Hong Kong has the world’s longest working week, UBS study finds

Author: PM editorial | Date: 15 Jun 2016


But workers also have greater ‘purchasing power’ than residents of many Asian cities

Hong Kong has the world’s longest average working week at 50.11 hours, according to a recent study by the United Bank of Switzerland (UBS).

The report, Prices and Earnings, compares the wages and ‘purchasing power’ of the population in 71 cities across the globe.

Last year, the government of Hong Kong recommended the introduction of standard working hours – but such changes will take time to be made law.

"Those who like time off should consider finding a job in Paris, where people work only around 35 hours per week (in line with new government regulations) and have 29 days of paid vacation," said the report. "They are on the job annually 1,000-plus fewer hours than their counterparts in Hong Kong."

With a working week of just 30.84 hours, Parisians spend just under 20 hours less in the office each week than overworked Hong Kongers. Mumbai has the second longest week at 43.78 hours – still 6.3 hours shorter than Hong Kong. Bangkok averaged 42.13 hours, Taipei 41.17 and Kuala Lumpur 37.2.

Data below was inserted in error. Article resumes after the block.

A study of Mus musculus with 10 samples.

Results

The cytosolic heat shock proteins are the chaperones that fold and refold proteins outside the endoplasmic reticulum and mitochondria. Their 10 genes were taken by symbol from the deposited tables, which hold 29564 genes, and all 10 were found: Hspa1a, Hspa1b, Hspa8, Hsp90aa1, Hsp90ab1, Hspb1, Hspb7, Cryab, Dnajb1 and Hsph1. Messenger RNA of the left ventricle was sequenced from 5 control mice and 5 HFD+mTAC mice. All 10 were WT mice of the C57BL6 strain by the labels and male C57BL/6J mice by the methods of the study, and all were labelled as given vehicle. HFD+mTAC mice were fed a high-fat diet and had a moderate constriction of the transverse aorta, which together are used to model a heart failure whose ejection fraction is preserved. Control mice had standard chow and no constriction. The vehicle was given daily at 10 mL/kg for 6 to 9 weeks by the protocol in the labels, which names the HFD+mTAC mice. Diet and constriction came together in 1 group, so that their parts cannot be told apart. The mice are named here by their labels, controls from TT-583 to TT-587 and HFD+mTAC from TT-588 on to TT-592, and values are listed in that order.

The study also used a net hourly wage to calculate how many hours of work citizens would need to do to buy products such as an iPhone 6 (16GB) or one kilo of rice. In Hong Kong, stronger purchasing power means 51.9 hours of work would purchase the iPhone – compared to 69.2 hours in Taipei, 136.3 hours in Kuala Lumpur and 149.6 hours in Bangkok.

Not only are their working weeks longer, but residents of Hong Kong only get an average of 17 days paid annual leave each year – six days less than the international average of 23.

If they are working too many hours, at least Hong Kong workers are getting most of the overtime done on Mondays, according to a study carried out by Regus last year.